Humor Itself Thanks You, Mr. Brooks

It’s gotten so that I look forward to Fridays because that’s the day David Brooks’ column comes out, and I can go straight to the hilarious blogger responses, like this one by Charles Pierce, titled “Our Mr. Brooks Climbs the Romney Family Tree“:

The applause came from deep in the plush leather armchairs gathered by the fireplace in the clubroom of the Premature Fogies Club. It was warm and sustaining, as was the morning brandy. People touched the patches on his master’s blazer as he walked by. “Good show, old top,” they told him. Moral Hazard, the Irish setter belonging to David Brooks, yawned and stretched his legs all the way down to the tips of his paws. He knew what was going on. His master had brought joy to all the calcined specimens in all the armchairs by telling them the up-from-poverty saga of Willard Romney and his family, the relentless immigrant-ish striving that still drives Willard no matter which of his several luxury homes in which he happened to be doing his striving at the moment. This Friday’s column had made them all feel like pioneers squinting across the Great Plains into the setting western sun. His master, thought Moral Hazard, will never lack for dinner-party invitations after this:

Mitt Romney is a rich man, but is Mitt Romney’s character formed by his wealth? Is Romney a spoiled, cosseted character? 

(Geez, Dave, I don’t think I know. You tell me.)

He’s persevered year after year, amid defeat after defeat, to build a political career. Romney’s salient quality is not wealth. It is, for better and worse, his tenacious drive — the sort of relentlessness that we associate with striving immigrants, not rich scions.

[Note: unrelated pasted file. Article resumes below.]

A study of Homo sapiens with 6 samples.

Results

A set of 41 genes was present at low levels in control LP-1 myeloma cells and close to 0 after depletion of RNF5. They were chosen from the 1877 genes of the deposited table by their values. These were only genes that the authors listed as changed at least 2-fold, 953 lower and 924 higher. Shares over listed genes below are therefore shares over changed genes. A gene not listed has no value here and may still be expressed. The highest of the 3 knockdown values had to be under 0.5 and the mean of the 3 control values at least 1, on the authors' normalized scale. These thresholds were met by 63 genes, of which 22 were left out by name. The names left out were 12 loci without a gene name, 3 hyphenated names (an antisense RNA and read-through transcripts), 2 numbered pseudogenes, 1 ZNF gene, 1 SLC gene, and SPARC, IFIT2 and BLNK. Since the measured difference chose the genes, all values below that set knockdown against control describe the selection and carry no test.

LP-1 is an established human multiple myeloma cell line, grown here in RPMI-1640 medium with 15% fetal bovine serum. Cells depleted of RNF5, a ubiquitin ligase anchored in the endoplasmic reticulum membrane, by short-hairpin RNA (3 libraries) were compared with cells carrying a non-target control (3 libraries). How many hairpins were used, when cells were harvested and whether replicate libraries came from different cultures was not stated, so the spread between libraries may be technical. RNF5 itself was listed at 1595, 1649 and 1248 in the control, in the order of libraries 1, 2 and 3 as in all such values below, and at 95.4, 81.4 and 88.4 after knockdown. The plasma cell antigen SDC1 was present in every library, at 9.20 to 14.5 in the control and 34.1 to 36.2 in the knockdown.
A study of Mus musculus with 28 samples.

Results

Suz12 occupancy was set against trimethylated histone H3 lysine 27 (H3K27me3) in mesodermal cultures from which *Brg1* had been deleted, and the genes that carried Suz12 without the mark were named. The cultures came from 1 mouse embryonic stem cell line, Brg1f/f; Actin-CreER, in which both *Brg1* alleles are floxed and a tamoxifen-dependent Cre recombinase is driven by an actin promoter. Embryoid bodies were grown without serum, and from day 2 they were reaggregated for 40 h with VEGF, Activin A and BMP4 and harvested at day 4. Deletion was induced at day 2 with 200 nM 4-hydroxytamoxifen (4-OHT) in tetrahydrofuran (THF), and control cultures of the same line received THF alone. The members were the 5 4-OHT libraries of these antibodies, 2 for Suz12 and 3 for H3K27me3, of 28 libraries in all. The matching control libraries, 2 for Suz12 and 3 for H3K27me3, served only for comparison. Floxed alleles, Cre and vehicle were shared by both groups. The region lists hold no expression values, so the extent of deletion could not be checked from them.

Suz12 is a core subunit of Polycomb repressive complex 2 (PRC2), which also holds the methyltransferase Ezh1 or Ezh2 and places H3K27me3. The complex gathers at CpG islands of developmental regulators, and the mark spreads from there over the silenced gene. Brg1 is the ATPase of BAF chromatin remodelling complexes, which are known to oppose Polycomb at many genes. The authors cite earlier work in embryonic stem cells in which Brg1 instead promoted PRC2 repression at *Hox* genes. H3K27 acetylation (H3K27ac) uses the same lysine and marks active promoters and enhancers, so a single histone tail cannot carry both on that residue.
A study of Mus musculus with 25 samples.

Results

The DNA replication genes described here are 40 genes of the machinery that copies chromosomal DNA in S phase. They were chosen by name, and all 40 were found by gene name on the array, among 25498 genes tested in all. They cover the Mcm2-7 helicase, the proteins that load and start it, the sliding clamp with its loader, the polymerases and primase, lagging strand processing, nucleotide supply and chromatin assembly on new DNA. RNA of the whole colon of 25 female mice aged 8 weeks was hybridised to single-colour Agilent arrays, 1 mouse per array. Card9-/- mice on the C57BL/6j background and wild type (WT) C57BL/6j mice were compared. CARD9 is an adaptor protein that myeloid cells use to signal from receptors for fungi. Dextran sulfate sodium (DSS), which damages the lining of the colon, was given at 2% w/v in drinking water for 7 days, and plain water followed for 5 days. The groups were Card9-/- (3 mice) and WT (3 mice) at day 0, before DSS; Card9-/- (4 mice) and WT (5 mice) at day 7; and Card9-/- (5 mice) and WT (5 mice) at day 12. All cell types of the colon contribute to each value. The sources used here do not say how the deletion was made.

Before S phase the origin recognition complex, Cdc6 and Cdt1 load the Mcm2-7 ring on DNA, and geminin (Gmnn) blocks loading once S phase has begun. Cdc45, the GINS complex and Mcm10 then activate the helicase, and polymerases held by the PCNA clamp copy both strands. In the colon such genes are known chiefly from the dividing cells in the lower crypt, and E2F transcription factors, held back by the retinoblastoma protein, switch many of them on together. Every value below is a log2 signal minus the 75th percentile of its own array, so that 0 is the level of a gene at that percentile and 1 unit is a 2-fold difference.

(Actually, his wealth is pretty goddamn salient to his political career, which would not exist, defeat after defeat, without it. It is far easier to drive tenaciously in a Porsche. Just sayin’. And Willard Romney is not a immigrant, not even by proxy. That would be his gardener, as we all recall.

Mitt Romney’s great-great-grandfather Miles was a member of the church in Nauvoo, Ill., and spent years building a temple there. Even after Joseph Smith was killed by a mob and most of the Mormons fled, Miles stayed to finish his temple.

(Good for Miles. What does this have to do with the fact that his foof of a great-great-grandson won’t release his tax returns?)

Miles returned in 1867 and bought a two-room house. Young commanded him to take another wife, and Hannah had to prepare the room for the woman who would be her rival. “I used to walk the floor and shed tears of sorrow,” she recounted in her own private memoir…. Mitt’s great-grandfather, also Miles, made the trek starting at age 7. He was married in 1862, but a month after his marriage Brigham Young told him to leave his wife, Hannah, and become a missionary for three years in Britain. Hannah supported herself by taking in other people’s washing.

(Newt Gingrich reads this and thinks, “Damn, I wish I’d been born a Mormon in the 1860’s.”)

Daniel Larison has a more straightforward response, but equally relevant (emphasis mine):

No one doubts that Romney has worked hard and continues to do so. There is a reason he has been compared to robots and machines more than a few times. By all accounts, he has an impressive work ethic. No one is going to accuse Romney of being one of the “idle” rich after he has spent the better part of six years running almost continuously for President. That isn’t the point, and Brooks knows that it isn’t. The point is that he is a pro-bailout corporatist oblivious to the problems of decreasing social mobility, income stagnation, and rising income inequality. Romney’s wealth by itself isn’t the issue. It is the substance of his stated views on these and related issues that provokes negative reaction, and he has no response to this except to accuse other people of envy and … of engaging in class warfare.

Yes, exactly — and I wish more media pundits would point this out.